Sumo's greatest-ever champion Hakuho retired on Monday after battling persistent knee trouble, officials said, leaving a gaping hole at the top of the ancient sport.
The Mongolian-born 36-year-old has won a record 45 tournaments -- 13 more than anyone else in history -- but has been sidelined by injury for most of the year.
He made his only appearance of 2021 at July's Nagoya Grand Sumo Tournament, going unbeaten to win the title after missing all or part of the previous six competitions.
He and 17 other wrestlers from his stable were forced to miss the following tournament, which ended Sunday, after a coronavirus outbreak.
His departure leaves just one other wrestler, Terunofuji, in the yokozuna class -- sumo's highest rank.
"I learned from the sumo association chairman that Hakuho's letter of retirement was filed through his stable master today," Hironori Yano, head of the yokozuna deliberation council, which is close to the association, told reporters.
Hakuho's decision, reportedly the result of a right knee injury, brings the curtain down on his illustrious career after 1,187 wins.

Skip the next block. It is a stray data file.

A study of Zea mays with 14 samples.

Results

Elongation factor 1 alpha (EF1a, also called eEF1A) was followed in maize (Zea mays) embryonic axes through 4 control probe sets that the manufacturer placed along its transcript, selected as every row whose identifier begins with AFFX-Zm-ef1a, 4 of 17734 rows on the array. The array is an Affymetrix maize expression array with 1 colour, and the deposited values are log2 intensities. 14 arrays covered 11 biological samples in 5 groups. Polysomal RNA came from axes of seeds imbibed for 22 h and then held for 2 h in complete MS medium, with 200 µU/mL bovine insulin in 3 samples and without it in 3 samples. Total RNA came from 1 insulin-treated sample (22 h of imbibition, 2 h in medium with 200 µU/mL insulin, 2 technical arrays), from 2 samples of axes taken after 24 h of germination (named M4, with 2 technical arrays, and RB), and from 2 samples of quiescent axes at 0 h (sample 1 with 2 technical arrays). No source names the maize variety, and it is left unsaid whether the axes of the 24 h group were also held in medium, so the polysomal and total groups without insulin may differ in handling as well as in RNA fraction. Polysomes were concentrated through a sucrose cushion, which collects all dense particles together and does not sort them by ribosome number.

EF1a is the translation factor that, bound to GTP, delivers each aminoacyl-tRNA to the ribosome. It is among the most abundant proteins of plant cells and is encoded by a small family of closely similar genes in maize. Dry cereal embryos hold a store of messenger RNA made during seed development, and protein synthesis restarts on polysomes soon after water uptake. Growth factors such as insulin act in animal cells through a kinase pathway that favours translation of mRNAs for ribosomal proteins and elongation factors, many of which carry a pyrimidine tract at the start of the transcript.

The Japan Sumo Association declined to comment, but the news made headlines in the country and grateful fans tweeted their support for the star.
Near the Kokugikan venue where sumo's Tokyo tournament is held, Takashi Sakai was full of praise for the retiring wrestler.
"I want to tell him: 'Great work. Well done'. He worked really hard, coming all the way to Japan, becoming a sumo wrestler and a yokozuna champion. It's not very easy to achieve all that," the 76-year-old told AFP.
"He has been the strongest wrestler for a long time and has been very influential," said Miyako Arai.
"I think there are many wrestlers whose admiration of Hakuho led them to pursue the sport," the 46-year-old added.
- 'A tremendous yokozuna' -
Born Munkhbat Davaajargal and the son of an Olympic silver-medal freestyle wrestler, Hakuho came to Japan at age 15 to enter the sumo world.
He debuted in 2001 and won his first top-division title in May 2006, before reaching the sport's highest rank of yokozuna at age 22 in July 2007.
His battles with fellow Mongolian yokozuna Asashoryu -- the pantomime villain to Hakuho's popular good guy -- helped breathe new life into the sport, with attendances booming.
Asashoryu retired in 2010 but Hakuho went from strength to strength, overtaking the legendary Taiho's record of 33 tournament wins in January 2015.
The one-time rival called Hakuho "a tremendous yokozuna", in a post on Twitter after news of the retirement emerged.
"I will save the rest of my words for when the two of us speak in person. But to sum up, thanks for all your hard work," Asashoryu wrote.
Hakuho outlasted fellow yokozuna Harumafuji, Kakuryu and Kisenosato.
Hakuho acquired Japanese citizenship in September 2019, giving him the right to run his own sumo stable after retirement.
He leaves the sport as sumo's longest-serving yokozuna, having fought his 1,000th bout at the rank in July 2020.